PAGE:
Scott Adams has likely failed at more things than anyone you’ve ever met or anyone you’ve even heard of. So how did he go from hapless office worker and serial failure to the creator of Dilbert, one of the world’s most famous syndicated comic strips, in just a few years? In How to Fail at Almost Everything and Still Win Big, Adams shares the strategy he has used since he was a teen to invite failure in, to embrace it, then pick its pocket.
No career guide can offer advice for success that works for everyone. As Adams explains, your best bet is to study the ways of others who made it big and try to glean some tricks and strategies that make sense for you. Adams pulls back the covers on his own unusual life and shares what he learned for turning one failure after another into something good and lasting. Adams reveals that he failed at just about everything he’s tried, including his corporate career, his inventions, his investments, and his two restaurants. But there’s a lot to learn from his personal story, and a lot of humor along the way. While it’s hard for anyone to recover from a personal or professional failure, Adams discovered some unlikely truths that helped to propel him forward. For instance:
You won’t find a road map to success in this audiobook. But Adams hopes you can laugh at his failures while discovering some unique and helpful ideas on your own path to personal victory. As he writes: "This is a story of one person’s unlikely success within the context of scores of embarrassing failures. Was my eventual success primarily a result of talent, luck, hard work, or an accidental just-right balance of each? All I know for sure is that I pursued a conscious strategy of managing my opportunities in a way that would make it easier for luck to find me."
©2013 Scott Adams (P)2013 Brilliance Audio, Inc.
In the old days courts used to have a jester who was allowed to make fun of everyone including the royals and nobles.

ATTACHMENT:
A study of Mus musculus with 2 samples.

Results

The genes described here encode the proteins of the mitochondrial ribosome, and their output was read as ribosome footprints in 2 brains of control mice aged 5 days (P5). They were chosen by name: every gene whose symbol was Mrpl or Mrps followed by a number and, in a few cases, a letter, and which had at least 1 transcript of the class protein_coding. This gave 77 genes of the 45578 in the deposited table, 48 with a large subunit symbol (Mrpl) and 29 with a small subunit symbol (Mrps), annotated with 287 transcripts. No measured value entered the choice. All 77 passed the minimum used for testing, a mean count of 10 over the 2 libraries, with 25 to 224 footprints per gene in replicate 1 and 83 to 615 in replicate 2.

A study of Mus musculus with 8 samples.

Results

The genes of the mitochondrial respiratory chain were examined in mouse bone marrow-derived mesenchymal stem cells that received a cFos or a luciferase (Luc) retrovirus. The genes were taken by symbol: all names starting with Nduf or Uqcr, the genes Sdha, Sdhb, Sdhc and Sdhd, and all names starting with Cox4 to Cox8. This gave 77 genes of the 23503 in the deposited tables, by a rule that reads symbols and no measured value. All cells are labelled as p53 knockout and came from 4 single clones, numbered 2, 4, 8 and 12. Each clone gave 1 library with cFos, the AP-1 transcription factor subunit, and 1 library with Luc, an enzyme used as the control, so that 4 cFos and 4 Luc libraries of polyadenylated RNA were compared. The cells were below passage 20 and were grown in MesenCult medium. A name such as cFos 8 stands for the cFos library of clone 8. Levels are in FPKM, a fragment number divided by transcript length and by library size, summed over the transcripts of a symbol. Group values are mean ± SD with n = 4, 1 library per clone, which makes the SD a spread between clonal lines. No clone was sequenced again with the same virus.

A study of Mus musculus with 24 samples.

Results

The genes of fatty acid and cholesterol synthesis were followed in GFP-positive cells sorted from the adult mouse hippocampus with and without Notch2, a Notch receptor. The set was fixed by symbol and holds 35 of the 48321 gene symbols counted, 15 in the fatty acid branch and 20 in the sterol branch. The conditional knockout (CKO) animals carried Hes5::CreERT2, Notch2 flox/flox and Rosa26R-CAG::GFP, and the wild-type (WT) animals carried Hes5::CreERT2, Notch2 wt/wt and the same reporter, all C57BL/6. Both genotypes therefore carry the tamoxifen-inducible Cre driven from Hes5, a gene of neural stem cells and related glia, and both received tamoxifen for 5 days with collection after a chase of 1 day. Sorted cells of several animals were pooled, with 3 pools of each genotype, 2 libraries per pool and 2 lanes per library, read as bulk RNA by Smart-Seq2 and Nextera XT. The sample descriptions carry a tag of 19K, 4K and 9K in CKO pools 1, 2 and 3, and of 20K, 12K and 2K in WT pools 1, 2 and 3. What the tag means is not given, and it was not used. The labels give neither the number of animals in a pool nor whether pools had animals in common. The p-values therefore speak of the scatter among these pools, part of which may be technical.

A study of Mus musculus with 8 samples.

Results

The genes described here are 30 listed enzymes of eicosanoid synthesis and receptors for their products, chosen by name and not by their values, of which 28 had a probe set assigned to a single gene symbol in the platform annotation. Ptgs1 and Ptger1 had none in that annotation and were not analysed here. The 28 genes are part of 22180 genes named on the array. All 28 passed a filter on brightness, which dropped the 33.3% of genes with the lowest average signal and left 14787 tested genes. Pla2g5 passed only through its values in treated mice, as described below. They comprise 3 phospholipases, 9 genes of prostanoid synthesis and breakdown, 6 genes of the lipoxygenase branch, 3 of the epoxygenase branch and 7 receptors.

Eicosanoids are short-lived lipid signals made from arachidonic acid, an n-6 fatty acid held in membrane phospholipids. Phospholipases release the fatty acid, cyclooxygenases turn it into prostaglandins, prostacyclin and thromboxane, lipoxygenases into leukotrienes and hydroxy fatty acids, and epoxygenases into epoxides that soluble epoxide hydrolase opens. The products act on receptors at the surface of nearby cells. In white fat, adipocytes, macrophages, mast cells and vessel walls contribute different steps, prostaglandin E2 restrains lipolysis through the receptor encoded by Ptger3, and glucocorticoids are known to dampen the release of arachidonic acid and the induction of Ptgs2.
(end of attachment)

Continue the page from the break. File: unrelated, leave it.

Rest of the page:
Scott Adams does make fun of a lot of things and his keen insight and advice is very good. For e.g the idea of putting on gym clothes even if you feel too tired to exercise. It really works. It is simple but certainly effective. Read or listen to this and I hope you find it as useful as I did.
When I heard the advice to put on gym clothes even if I was too tired to go.
Voice and variety
Love the advice, love Scott's down to earth style and delivery. Would recommend to anyone at any stage of their life!
Lots of good advice. Some of which I have already started to incorporate in to my life.
Slim on narrative and certainly repeats much that has already been said in other books on concepts such as Diet, Exercise, Will Power, Positive Affirmations.
But I found it to be a useful aggregation supplemented with an individuals life experience.
It is indeed like getting advice from a successful friend.
Less humor that I expected, but a good listen.
Patrick Lawlor is a good narrator for slightly playful, fairly simple books like this and iWoz. So he did great.
It's similar to a lot of self help books, but also reminded me of the style that Mindy Kaling rights in. You're being told a story, with some personal thoughts and advice thrown in.
His voice was very upbeat, at first I didn't like it, but overtime it grew it on me.
The only thing this could be made into is a documentary..starring the author.
Anyone interested in Scott Adams life story, it is anecdotally biographical.
Possibly, depends on the story. He is not the type of narrator that I would listen to any story he reads. In this case he does a fine job.
This book is highly personal to scott adams and his life story. Almost everything he has found to work for his life I have found to not pass my personal bs detector. Its great if you want to learn about scott adams life, but not particularly useful otherwise. If, like me, you decide part way in to drop the book, don't be fooled by other reviewers that "the best bits are at the end." They most assuredly are not.
Someone who needs unfounded advice for everything they do.
I bought Scott Adams because I thought it would be funny. Instead, it's Scott Adams telling us how to do everything, such as thank people graciously and make conversation. I wasn't looking that kind of advice, and wouldn't seek if from a cartoonist. Succeeding in making a cartoon strip does not, in my opinion, qualify him to tell me how to make conversation.
Performance was fine.
Disappointed in Scott Adams. His advice may be fine when he gives speeches for particular purposes to particular groups, but is a bunch of self-righteous drivel when bunched together in a book.
I stopped partway through. Don't want to hear this junk.
Learn, understand, then decide whether you accept or reject.
This audiobook is written by the writer of Dilbert. It explains how to move from wherever you are to your optimal self, and not to be discouraged by failure. Nothing new here, except for the first part of the book where he discusses his series of failures which lead to him authoring the successful Dilbert comic strips. You can stop when he starts giving advice on exercise and diet. There's better, more specialized books on them than this.
Very open about his life, luck, motivation.
Patrick was a little dry.
Adams' use and recommendation of affirmations.
Not a terribly funny book, but good motivation and still humorous.